Facilities Venues

     Raptors officials are altering designs for the new stadium
to include 1,000 more seats for basketball and make room for the
possible acquisition of the Maple Leafs.  Raptors stadium project
director Jay Cross called it "a streamlined design."  Maple Leaf
Gardens is considered too small for NBA basketball and Raptors VP
Tom Mayenknecht noted "the asset is the hockey team, not
necessarily the building."  Also, an industry source has
indicated the Raptors have a deadline at the end of this month to
resolve negotiations with the proposed stadium site's new owners.
Mayenknecht's response:  "We're interested in proceeding with the
task at hand.  We're preparing for construction next summer"
(Craig Daniels, TORONTO SUN, 9/13).

     K.C.-based stadium architecture firm, HOK Sport, unveiled
its Riverfront Stadium renovation study yesterday.  One option
reconfigures the baseball field to place home plate in the
outfield, build "unsymmetrical" outfield walls, 40 luxury boxes,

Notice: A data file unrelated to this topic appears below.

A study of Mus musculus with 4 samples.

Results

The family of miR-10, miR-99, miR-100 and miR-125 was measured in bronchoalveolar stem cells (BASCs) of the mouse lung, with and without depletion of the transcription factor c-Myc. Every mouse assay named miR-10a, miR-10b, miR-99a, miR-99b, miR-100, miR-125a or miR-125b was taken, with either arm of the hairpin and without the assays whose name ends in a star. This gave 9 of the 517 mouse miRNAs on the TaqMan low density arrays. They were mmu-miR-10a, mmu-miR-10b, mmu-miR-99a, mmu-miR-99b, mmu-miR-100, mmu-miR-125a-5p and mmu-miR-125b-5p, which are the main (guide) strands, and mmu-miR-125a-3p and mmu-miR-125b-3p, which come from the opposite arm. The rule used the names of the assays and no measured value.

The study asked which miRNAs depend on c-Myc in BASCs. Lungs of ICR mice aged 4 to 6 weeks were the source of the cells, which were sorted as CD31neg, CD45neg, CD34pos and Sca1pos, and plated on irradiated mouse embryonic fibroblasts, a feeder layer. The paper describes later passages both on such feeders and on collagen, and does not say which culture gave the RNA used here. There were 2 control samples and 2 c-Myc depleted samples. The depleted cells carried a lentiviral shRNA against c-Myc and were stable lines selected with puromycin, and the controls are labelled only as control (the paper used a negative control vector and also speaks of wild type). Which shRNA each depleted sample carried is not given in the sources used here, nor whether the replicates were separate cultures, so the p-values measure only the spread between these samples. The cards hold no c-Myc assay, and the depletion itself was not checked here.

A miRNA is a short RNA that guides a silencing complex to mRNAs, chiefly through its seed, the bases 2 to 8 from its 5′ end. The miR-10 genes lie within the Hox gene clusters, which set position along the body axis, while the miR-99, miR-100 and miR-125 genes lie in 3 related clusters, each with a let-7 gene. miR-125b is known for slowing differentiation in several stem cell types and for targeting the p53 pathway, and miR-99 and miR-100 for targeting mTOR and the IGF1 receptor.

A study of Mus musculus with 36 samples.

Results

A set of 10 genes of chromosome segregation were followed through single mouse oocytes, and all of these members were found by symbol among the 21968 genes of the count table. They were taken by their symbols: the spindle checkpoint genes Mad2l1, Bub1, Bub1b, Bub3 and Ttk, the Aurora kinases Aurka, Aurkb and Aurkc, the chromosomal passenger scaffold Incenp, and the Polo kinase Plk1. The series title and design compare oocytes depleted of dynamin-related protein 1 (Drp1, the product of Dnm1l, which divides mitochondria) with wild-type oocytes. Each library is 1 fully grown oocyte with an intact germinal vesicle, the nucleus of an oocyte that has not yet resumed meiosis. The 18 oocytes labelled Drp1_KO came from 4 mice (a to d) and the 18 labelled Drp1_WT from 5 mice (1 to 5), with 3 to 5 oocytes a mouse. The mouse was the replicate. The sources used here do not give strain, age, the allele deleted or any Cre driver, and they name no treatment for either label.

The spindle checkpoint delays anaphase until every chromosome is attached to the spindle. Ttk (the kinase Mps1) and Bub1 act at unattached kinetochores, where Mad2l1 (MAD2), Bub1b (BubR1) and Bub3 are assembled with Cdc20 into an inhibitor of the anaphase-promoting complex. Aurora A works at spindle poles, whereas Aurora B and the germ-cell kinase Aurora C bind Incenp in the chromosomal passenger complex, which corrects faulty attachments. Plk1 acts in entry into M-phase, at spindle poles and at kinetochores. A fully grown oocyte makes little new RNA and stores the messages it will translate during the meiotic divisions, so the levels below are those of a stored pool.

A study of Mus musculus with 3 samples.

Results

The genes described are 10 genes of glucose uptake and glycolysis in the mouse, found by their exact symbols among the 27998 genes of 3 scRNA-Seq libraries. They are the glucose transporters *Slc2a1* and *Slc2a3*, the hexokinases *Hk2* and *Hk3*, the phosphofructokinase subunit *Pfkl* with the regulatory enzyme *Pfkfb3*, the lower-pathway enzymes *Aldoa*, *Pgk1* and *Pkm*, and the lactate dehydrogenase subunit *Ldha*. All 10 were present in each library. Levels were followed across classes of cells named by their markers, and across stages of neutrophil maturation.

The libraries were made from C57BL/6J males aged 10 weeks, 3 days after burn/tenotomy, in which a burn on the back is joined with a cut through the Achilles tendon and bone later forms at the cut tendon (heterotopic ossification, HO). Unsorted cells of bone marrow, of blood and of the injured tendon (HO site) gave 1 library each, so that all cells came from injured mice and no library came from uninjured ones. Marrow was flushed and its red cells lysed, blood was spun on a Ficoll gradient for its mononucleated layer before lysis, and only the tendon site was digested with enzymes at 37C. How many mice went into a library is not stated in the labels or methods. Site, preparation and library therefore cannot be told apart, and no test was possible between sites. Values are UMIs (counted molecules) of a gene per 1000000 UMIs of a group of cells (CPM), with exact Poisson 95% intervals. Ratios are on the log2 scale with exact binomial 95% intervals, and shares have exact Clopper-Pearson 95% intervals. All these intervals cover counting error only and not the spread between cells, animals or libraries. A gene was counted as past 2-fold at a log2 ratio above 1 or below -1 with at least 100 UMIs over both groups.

and possibly shrink the stadium capacity from 55,000 to 45,000 in
order to offer "made-for-TV panoramic views" of the city skyline,
a picnic section, permanent dugouts, and a stadium club that
resembles the one at Cleveland's Jacobs Field.  HOK's football
plan suggests lowering the field and adding more seats, including
23 enclosed luxury suites and 2,500 clubs seats available for a
$1,500 "down payment."  Cincinnati Mayor Roxanne Qualls said the
two plans can be chosen according to the "concept which is more
financially acceptable to the teams."  The study was paid for by
Reds CEO and owner Marge Schott and her advisers, attorney Stan
Chesley and Turfway Park owner Jerry Carroll (Richard Green,
CINCINNATI ENQUIRER, 9/13).
     THEIR NEW KENTUCKY HOME?  In a related column, Mark Purdy
calls the study an important time- and money-saving piece for the
city's stadium task force even if, as Stan Chesley said at
yesterday's presentation, none of the individuals involved are
"in the position to buy the stadium."  Purdy suggests the city
decide "as regional public policy" that Riverfront will be
remodeled for either the Reds or Bengals and a new stadium will
be built for the team not chosen.  Purdy notes a cheaper option
is to build a new stadium in KY near Turfway Park for the team
moving out of Riverfront (Mark Purdy, CINCINNATI ENQUIRER, 9/13).